Mike Mike - 5 months ago 7
Javascript Question

Dynamically Add Variable Name Value Pairs to JSON Object

I have a json object full of ips like

var ips = {}


I then add ip objects to this object like so

ips[ipID] = {}


I then need to add dynamic/variable name value pairs to each ip so I am using code like this

var name; var value; var temp = {};
tmp[name] = value


My question is, how can I add these name value pairs/ tmp to my ipID objects so that my outcome turns out like

ipID = { name : value, anotherName : anotherValue }

Answer

That's not JSON. It's just Javascript objects, and has nothing at all to do with JSON.

You can use brackets to set the properties dynamically. Example:

var obj = {};
obj['name'] = value;
obj['anotherName'] = anotherValue;

This gives exactly the same as creating the object with an object literal like this:

var obj = { name : value, anotherName : anotherValue };

If you have already added the object to the ips collection, you use one pair of brackets to access the object in the collection, and another pair to access the propery in the object:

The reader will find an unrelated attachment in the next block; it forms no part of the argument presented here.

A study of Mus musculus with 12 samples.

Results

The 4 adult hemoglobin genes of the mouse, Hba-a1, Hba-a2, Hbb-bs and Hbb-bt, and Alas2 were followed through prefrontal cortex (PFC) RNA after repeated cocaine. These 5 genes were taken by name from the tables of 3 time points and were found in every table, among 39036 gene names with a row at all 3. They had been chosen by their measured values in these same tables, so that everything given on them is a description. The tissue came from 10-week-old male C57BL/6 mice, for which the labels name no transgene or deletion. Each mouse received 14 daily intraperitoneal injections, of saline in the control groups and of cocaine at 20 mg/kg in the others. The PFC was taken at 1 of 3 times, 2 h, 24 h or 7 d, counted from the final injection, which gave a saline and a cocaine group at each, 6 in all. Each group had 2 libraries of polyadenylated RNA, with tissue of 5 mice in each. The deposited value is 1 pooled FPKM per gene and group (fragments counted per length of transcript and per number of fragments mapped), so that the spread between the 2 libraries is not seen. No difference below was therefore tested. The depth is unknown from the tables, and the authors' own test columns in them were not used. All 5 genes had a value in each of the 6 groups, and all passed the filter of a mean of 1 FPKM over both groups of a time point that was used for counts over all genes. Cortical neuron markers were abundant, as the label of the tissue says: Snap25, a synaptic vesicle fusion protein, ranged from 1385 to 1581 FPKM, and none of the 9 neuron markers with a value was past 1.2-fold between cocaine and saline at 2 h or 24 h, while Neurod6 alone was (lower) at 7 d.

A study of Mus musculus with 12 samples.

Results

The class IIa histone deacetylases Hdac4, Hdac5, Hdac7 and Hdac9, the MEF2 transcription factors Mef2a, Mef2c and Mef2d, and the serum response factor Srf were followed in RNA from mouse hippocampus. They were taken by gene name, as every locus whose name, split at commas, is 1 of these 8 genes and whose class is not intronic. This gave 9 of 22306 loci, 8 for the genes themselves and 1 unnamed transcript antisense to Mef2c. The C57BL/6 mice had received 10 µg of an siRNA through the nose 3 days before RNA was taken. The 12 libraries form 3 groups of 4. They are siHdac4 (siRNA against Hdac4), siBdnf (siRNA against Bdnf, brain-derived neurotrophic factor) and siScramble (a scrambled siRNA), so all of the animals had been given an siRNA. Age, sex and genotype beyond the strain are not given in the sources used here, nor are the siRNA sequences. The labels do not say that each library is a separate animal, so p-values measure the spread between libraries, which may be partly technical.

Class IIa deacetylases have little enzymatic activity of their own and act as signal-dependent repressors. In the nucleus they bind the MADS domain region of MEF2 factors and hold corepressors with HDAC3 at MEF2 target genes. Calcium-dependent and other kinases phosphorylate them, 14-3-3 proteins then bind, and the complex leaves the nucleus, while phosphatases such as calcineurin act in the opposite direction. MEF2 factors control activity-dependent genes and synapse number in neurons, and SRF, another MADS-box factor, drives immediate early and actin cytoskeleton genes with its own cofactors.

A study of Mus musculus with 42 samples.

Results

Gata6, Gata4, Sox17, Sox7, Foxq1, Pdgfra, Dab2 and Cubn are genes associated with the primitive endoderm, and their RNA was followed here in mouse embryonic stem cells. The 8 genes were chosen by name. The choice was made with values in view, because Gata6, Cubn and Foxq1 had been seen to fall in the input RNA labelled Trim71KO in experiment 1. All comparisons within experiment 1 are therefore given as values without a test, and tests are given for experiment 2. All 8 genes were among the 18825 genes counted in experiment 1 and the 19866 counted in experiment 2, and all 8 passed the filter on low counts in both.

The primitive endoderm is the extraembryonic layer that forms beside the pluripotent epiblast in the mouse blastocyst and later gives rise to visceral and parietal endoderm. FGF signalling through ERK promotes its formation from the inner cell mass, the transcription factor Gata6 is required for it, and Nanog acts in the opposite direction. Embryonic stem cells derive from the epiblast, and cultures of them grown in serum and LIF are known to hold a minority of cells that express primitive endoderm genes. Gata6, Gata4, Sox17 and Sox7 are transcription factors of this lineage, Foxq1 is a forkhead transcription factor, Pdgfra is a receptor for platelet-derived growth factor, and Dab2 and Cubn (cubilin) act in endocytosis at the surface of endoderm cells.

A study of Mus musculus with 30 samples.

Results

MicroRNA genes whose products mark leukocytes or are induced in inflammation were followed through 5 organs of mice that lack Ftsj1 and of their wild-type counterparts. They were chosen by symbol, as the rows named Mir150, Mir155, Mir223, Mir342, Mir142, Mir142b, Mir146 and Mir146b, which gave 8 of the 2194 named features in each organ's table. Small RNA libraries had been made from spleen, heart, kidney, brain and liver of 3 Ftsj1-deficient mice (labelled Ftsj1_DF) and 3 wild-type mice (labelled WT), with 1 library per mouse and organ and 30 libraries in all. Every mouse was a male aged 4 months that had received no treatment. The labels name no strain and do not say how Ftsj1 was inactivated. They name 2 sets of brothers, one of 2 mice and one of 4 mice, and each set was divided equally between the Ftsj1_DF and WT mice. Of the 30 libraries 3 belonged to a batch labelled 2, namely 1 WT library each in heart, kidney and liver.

ips[ipId] = {};
ips[ipId]['name'] = value;
ips[ipId]['anotherName'] = anotherValue;

Notice similarity with the code above, but that you are just using ips[ipId] instead of obj.

You can also get a reference to the object back from the collection, and use that to access the object while it remains in the collection:

ips[ipId] = {};
var obj = ips[ipId];
obj['name'] = value;
obj['anotherName'] = anotherValue;

You can use string variables to specify the names of the properties:

var name = 'name';
obj[name] = value;
name = 'anotherName';
obj[name] = anotherValue;

It's value of the variable (the string) that identifies the property, so while you use obj[name] for both properties in the code above, it's the string in the variable at the moment that you access it that determines what property will be accessed.